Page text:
Ice giant Uranus shows off its many rings in new JWST image
The seventh planet boasts 13 known rings and a unique polar cap.
In a sequel to its image of the planet Neptune’s rings in September 2022, the James Webb Space Telescope (JWST) has taken a new image of the ice giant Uranus. The new view of the seventh planet from the sun was taken on February 6 and released to the public on April 6. It shows off Uranus’ rings and some of the bright features in its atmosphere.
[Related: Expect NASA to probe Uranus within the next 10 years.]
The image was taken with NIRCam as a short 12-minute exposure and combines data from two filters, one shown in blue and one in orange. Uranus typically displays a blue hue naturally.
Of the planet’s 13 known rings, 11 are visible in the image. According to NASA, some of these rings are so bright that they appear to merge into a larger ring when close together while observed with JWST. Nine are classed as the main rings of the planet, and two are the fainter dusty rings. These dusty rings have only ever been imaged by the Voyager 2 spacecraft as it flew past the planet in 1986 and with the Keck Observatory’s advanced adaptive optics in the early 2000s. Scientists expect that future images will also reveal the two even more faint outer rings that the Hubble Space Telescope discovered in 2007.
The new image also captured many of Uranus’ 27 known moons. Many of the moons are too small and faint to be seen in this image, but six can be seen in the wide-view. Uranus is categorized as an ice giant due to the chemical make-up of its interior. The majority of Uranus’ mass is believed to be a hot, dense, fluid of water, methane, and ammonia above a small and rocky core.
Among the planets in our solar system, Uranus has a unique rotation. It rotates on its side at a roughly 90-degree angle, which causes extreme seasons. The planet’s poles experience multiple years of constant sunlight, and then an equal number of years in total darkness. It takes the planet 84 years to orbit the sun and its northern pole is currently in its late spring. Uranus’ next northern summer isn’t until 2028.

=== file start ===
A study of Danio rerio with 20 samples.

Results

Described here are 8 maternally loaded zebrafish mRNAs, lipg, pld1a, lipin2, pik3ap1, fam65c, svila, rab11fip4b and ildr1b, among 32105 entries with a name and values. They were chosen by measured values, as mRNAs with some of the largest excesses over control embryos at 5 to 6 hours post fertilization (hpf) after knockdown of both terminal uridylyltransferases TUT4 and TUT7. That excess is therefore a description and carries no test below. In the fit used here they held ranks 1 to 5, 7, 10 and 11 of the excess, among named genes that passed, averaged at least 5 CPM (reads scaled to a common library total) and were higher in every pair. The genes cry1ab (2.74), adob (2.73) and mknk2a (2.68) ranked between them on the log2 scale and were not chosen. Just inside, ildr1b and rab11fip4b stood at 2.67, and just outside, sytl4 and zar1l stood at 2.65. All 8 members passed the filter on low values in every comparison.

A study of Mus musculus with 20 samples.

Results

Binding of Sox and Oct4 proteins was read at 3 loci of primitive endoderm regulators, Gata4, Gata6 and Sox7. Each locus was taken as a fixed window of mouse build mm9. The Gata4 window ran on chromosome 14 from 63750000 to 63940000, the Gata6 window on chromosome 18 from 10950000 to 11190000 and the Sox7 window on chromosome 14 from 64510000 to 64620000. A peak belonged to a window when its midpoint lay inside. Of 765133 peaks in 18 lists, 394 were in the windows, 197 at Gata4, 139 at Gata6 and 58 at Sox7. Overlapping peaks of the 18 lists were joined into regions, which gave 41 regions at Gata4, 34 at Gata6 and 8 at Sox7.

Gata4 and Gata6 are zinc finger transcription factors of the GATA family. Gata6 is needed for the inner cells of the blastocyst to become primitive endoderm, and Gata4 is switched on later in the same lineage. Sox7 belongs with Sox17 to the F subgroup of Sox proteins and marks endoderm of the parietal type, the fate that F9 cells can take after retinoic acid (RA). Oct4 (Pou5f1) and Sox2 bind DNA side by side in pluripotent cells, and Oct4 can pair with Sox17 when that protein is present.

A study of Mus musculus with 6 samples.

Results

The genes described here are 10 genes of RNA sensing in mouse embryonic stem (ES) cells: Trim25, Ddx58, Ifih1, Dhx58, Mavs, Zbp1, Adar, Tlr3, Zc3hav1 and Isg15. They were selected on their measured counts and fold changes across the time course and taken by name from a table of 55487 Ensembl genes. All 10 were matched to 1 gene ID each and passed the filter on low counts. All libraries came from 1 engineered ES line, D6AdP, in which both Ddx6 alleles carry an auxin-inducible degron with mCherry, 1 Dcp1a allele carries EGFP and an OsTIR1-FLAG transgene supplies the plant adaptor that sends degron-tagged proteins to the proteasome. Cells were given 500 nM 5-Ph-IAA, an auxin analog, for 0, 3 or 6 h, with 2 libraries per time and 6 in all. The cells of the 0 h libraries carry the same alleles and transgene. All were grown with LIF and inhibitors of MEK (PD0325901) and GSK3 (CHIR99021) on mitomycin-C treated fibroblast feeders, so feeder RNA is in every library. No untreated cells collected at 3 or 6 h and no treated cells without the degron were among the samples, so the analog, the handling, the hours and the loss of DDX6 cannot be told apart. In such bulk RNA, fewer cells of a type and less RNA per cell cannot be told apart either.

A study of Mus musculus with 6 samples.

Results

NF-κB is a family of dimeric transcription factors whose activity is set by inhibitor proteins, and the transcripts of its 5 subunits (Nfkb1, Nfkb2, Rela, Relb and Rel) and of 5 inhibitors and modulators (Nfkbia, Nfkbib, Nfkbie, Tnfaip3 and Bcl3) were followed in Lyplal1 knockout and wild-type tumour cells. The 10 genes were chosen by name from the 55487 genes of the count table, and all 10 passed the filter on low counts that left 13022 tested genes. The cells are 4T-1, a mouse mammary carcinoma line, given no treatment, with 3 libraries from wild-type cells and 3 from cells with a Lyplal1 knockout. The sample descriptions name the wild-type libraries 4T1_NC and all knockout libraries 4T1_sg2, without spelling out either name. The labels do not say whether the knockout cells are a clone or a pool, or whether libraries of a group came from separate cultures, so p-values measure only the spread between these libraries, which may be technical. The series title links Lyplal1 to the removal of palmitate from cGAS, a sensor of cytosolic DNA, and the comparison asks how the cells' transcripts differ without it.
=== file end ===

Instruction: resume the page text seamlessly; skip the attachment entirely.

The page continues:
[Related: Uranus’s quirks and hidden features have astronomers jazzed about a direct mission.]
Uranus also has a unique polar cap on the right side of the planet. It’s visible as a brightening at the pole facing the sun, and seems to appear when the pole enters direct sunlight during the summer and vanishes in the autumn. JWST’s data is expected to help scientists understand what’s behind this mechanism and has already noticed a subtle brightening at the cap’s center. NASA believes that JWST’s Near-Infrared Camera NIRCam’s sensitivity to longer wavelengths may be why they can see this enhanced Uranus polar feature, since it has not been seen as clearly with other powerful telescopes.
Additionally, a bright cloud lies at the edge of the polar cap and another can be seen on the planet’s left limb. The JWST team believes that these clouds are likely connected to storm activity.
More imaging and additional studies of the planet are currently in the works by multiple space agencies, after the National Academies of Sciences, Engineering, and Medicine identified Uranus science as a priority in its 2023-2033 Planetary Science and Astrobiology decadal survey. This 10 year-long study will likely include a study of Saturn’s moons and sending a probe to Uranus.
“Sending a flagship to Uranus makes a lot of sense,” because Uranus and Neptune “are fairly unexplored worlds,” Mark Marley, a planetary scientist at the University of Arizona and director of the Lunar and Planetary Laboratory, told PopSci last year. Marley also called the future study it “clear-eyed,” and said that learning more about Uranus will help scientists understand both the formation of our solar system and even some exoplanets.